Fiber: A Food Supplement to Swear By


"I remember trying Weight Watchers when I was a little bit older like late teens, early twenties -- tried the whole Atkins phase -- tried just sort of calorie restriction. Exercise has never been a problem for me, so it wasn't a matter of not exercising," she said.

It wasn't until she discovered the benefits of fiber that Alethea was able to lose weight, and keep it off.

Fiber is helping turn Ed Graf's health around, too. He's a diabetic, who had to take huge amounts of insulin.

"He was in a terrible state. His sugars were still way out of control and he was going into heart failure. His triglycerides were so high it was almost lethal," Dr. Michael Lyon of the Canadian Center for Functional Medicine said.

Both Alethea and Ed were helped by a special fiber combination primarily taken from the root of an Asian plant called konjac. It's called PGX, or polyglycoplex.

Most dietary fiber comes from fruits and vegetables, grains, and beans. Oatmeal has quite a bit and some pasta even has extra fiber added.

Getting lots of fiber helps fight heart disease, diabetes, weight-gain, and perhaps even Alzheimer's. And don't forget that it keeps you regular.

The benefits of fiber have lead doctors to suggest people should consume an ounce a day, about 30 grams. The best bet might be twice that much: two ounces, roughly 60 grams.

But there is only a little fiber in most foods. Even high fiber foods contain only a few grams per serving.

To get enough, consumers often turn to products like Metabolic Modulator or Ultimate Fiber or the well-known Metamucil.

But currently, PGX appears to be the most powerful fiber in the world. Why? It attracts water like crazy -- 200 times its own weight.

So with just half an ounce "you can add about six pounds of food volume to your diet without adding any additional calories," Lyon said. "So you can well imagine six pounds of food would be a lot of fullness in your stomach, and it's easy to eat a lot less."

That's how Boire and her husband Tyson found success. They took about a third of an ounce of PGX each from meal replacements for breakfast and lunch. For dinner they had a regular meal.

"We changed some of our portions. Rather than having a huge plate of pasta, we'd have a little bit of pasta and chicken breast and some broccoli and salad. So still eating lots, and then of course every two weeks weighing ourselves and seeing the scale go down," she said.

And the couple did lose significant weight - fat, not muscle.

"He ended up losing about 50 pounds in about six months," Alison said of her husband. Alison herself lost 40 pounds.

Dietitian Veronica Kacinik helped the Boires understand that success against hunger gone awry is a combination of eating strategies.

"Like eating high volume foods, adding PGX to your diet, eating every four hours, having snacks between meals. You can control that and thereby not overeat at your next meal," Kacinik said.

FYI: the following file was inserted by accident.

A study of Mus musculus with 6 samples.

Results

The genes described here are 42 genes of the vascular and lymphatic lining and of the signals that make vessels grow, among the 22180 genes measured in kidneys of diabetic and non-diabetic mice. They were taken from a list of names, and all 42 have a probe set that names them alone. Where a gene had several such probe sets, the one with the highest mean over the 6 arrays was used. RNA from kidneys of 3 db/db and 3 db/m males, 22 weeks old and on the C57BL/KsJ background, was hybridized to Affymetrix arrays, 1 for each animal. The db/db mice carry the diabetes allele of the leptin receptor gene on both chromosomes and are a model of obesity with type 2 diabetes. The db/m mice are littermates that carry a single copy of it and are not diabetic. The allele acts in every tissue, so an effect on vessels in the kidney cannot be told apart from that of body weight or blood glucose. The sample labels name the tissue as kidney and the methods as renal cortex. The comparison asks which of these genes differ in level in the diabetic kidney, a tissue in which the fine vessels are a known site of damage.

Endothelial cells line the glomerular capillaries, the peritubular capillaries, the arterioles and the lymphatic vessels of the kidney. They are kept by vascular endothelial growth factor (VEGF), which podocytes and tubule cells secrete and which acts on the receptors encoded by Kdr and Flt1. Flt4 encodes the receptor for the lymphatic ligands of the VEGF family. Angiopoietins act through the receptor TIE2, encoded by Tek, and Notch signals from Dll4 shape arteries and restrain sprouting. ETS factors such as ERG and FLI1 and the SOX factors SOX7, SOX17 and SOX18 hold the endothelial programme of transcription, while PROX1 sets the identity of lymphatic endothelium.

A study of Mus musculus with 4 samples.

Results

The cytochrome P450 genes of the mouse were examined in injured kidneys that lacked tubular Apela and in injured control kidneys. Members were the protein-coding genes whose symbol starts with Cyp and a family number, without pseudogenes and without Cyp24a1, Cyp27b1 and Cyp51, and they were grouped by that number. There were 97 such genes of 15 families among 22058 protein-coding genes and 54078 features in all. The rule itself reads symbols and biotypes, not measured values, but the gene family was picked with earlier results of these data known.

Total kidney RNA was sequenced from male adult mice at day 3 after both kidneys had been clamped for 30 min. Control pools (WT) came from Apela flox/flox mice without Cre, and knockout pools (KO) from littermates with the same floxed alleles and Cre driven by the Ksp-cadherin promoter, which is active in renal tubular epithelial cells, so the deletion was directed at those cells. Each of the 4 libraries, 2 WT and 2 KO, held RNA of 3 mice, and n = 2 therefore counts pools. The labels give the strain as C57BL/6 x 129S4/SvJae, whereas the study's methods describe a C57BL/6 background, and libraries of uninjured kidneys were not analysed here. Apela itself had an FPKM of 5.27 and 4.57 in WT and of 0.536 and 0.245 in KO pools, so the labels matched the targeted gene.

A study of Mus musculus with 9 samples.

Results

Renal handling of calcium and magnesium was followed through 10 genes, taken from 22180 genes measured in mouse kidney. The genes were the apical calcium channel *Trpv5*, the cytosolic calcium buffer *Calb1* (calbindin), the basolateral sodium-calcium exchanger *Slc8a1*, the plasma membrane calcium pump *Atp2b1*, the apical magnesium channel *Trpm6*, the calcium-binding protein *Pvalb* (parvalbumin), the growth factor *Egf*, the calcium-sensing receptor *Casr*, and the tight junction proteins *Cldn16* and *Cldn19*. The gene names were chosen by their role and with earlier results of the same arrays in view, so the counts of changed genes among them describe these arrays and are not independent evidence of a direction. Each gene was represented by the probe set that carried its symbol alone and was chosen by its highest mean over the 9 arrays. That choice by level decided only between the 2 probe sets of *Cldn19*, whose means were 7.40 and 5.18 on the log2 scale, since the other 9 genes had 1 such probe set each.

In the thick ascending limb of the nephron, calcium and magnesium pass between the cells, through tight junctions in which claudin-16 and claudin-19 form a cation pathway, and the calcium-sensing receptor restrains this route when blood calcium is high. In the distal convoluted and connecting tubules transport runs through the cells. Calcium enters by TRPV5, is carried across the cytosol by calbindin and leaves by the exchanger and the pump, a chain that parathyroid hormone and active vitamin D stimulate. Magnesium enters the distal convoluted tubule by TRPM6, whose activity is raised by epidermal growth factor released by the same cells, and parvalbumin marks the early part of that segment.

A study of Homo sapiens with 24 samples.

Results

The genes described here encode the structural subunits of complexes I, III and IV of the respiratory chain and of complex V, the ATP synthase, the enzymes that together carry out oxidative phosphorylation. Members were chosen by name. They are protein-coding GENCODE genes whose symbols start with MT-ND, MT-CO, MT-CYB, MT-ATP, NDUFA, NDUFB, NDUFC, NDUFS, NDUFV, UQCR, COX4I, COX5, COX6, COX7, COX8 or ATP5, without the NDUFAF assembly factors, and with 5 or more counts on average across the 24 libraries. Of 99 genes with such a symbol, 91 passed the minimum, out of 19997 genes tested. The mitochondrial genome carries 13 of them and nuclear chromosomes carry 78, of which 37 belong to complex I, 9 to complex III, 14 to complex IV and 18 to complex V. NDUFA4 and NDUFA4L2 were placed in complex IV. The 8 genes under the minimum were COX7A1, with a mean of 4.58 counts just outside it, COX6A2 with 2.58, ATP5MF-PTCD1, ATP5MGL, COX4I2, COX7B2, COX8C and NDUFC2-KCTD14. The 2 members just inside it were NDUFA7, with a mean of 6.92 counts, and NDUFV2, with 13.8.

And Lyon considers it the only safe therapy for reducing appetite among the growing numbers of obese children.

"Because it really is just a dietary fiber supplement, it's perfectly safe to give to kids," he said. "In my experience, the effectiveness in kids is quite dramatic. Kids respond to it very, very well."

There's another benefit to PGX besides the sheer volume.

"It also creates a situation where it mixes with food and it creates a very thick sort of gel so the food doesn't digest as quickly and blood sugar doesn't surge after your meals. Blood sugar tends to rise more slowly and not as high," Lyon said.

With blood sugar off the roller coaster, your body sends fewer signals to your brain that you need to eat.

Lyon said, "But when your brain is telling you to eat and to just lie still, it's hard to fight against your own brain. What we find with PGX is - at most - within a few weeks their brain is back on their side again."

And that balanced blood sugar is just what the doctor ordered for diabetics like Graf. He had been facing heart problems, sleep disturbances and an inflamed pancreas.

"I can live a more normal, lifestyle. A better energy level, I'll live longer. And actually it's less cost to society really," Graf said.

Since he started taking the special fiber, he's been able to reduce his insulin dosage dramatically.

"He's just more like his old self," said his wife Teresa. "He's so much healthier; I'm not worrying about him all the time."

So PGX has the potential to extend the lives of millions of diabetics and save millions of dollars in insulin alone.

Lyon says it's important for everyone to consume a variety of fiber sources - even as scientists suspect there are additional benefits yet to be discovered.

Almost everybody needs more fiber in their diets. So whether it's the pectin in an apple or a specialty fiber product, fiber is a key to good health.


Gailon Totheroh

CBN News Science & Medical Reporter

Over the years, CBN viewers have come to recognize Gailon Totheroh as a valuable asset in reporting on a variety of issues, especially current health and science issues. 

His recent popular reports have covered the dangers of MSG, adult stem cell treatments, the otherwise unreported benefits of vitamin C, longevity research on special forms of resveratrol, and the relative merits and risks of different types of seafood. He has also done several investigative reports on such controversial issues as the development of "designer" embryos and the intelligent design movement.